Chord is an interesting audio company that is based in the U.K. I say interesting because it seems to be a distinctly British company that has resolutely followed its own path with a particular design aesthetic and very loyal fans. To be frank, it was an acquired taste for me. It’s the audio version of a pint of Guinness to an American — strange at first but quite delicious with experience. The styling of Chord is a bit space age industrial, but the construction is bulletproof. Circuit design is different but innovative. Of course, the most important thing is that it sounds good and it is backed by a solid company.
I’ve just put a toe in the water by experimenting with their digital gear, but I have a confession. I’m a beer budget Chord DAC fan with champagne dreams. Since Brooks Berdan sent me a Chord Hugo to try out for a week, I’ve been a huge fan of Chord’s sound mostly because it doesn’t sound digital in the way we are used to hearing. Chord’s digital designer Robert Watts has things “sorted out” as they say across the pond. I’ve started out a bit small with the brand having bought a while back the entry level $599 Chord Mojo from our local Sight & Sound Gallery in midtown Atlanta. This little black box has created portable magic for this road warrior. However, it sounds so good with my go-to travel cans, the Audeze Sines, that I want to try more of the Chord magic. Honestly, I’ve thought about selling my car and buying the flagship Chord Dave but my wife has overruled me on the idea. Clearly she has never heard the Dave.
Well, I had never heard the Dave either… until this year’s Rocky Mountain. A significant $13K is the price of admission, but a lengthy listening session at CanJam suggests the device is worth every penny.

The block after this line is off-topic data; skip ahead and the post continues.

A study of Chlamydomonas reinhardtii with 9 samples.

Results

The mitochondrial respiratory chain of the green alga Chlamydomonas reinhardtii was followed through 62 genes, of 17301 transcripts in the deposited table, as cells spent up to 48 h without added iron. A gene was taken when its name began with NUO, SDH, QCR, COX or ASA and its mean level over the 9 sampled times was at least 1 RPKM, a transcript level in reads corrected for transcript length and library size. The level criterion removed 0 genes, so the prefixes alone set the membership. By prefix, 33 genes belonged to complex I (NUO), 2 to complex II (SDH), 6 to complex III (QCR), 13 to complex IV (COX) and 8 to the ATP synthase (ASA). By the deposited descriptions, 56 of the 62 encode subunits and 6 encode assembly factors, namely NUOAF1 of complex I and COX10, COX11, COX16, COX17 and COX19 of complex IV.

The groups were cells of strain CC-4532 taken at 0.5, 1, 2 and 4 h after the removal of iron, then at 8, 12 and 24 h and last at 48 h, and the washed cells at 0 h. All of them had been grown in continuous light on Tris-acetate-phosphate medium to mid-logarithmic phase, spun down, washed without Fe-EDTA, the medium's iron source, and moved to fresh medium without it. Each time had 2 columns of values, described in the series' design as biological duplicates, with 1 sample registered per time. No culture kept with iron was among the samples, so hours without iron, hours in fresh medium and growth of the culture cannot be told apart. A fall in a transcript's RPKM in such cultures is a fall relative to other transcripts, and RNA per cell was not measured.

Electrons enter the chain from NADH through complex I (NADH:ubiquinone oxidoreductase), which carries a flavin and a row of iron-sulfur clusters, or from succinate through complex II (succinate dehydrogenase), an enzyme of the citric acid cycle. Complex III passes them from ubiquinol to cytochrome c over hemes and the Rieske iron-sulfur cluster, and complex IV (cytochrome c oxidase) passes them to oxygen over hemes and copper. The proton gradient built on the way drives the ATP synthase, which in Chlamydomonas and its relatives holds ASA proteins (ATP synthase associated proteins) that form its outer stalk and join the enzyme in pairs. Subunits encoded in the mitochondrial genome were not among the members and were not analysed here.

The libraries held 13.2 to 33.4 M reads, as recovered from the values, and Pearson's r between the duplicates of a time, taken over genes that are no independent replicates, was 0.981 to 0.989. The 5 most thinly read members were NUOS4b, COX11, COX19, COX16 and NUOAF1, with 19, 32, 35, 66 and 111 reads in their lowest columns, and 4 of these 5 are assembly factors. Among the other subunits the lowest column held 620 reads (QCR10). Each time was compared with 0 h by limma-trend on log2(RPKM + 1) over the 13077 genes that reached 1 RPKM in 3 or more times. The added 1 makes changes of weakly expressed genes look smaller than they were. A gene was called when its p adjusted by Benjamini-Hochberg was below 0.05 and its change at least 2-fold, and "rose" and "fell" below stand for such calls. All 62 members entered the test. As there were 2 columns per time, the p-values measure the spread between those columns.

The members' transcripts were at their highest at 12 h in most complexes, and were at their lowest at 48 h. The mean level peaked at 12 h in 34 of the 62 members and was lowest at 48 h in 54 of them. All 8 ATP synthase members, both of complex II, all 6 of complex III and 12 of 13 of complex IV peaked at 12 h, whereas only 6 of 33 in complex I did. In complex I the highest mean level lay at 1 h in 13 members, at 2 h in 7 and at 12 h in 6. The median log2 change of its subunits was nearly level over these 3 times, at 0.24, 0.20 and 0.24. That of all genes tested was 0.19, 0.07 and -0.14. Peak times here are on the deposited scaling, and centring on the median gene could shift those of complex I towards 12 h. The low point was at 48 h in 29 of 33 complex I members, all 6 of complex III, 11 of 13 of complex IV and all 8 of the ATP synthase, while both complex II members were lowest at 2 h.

But let’s set some context first for what makes the digital sound of a Chord DAC unique and excellent. All the Chord DACs us FPGA technology is basically a sea of gates that one can program to create any digital device. Chord’s designer Robert Watts has programmed these gates in a way to lower typical distortions and create smoother, dare I say?, more analog sound. And it allows for better processing power. Even the lowly but fine sounding mojo has 500X more processing power than typical DAC chip sets. But I think the magic bullet for Chord has been Watts’ focus on the number of taps in the digital filters. The more taps you have, the less time domain distortion. Watts is convinced that getting transients correct is critical to a more musical sound. The Dave has a whopping 164,000 taps. The Hugo TT (for “table top”) has 26,368 taps. Watts also feels it is important to upsample to 2,048 times (16X more than what is common) which he says helps eliminate RF distortion and improve jitter, or in other words lower time distortions.
The really cool thing about all this FPGA technology is once you figure it out (it took Watts literally decades!), you can make it available in an affordable product like the Chord Mojo due to the upfront software development work that can be ported to an affordable Xilinx FPGA. The Hugo is a step up but I think based on my listening the Hugo TT, essentially a desktop version of the Hugo, is the sweet spot of the line. It is meant for home use and adds super capacitors to extend the battery life and improve sound quality. In my listening, the Hugo has incredible resolution and detail and that carries over to the Hugo TT but you also gain musicality. The TT sells for $4,300.
But what about Dave? It had even more detail and musicality. It’s a true reference DAC. I aspire to own one, one day. In the meantime, that Hugo TT is looking pretty tasty.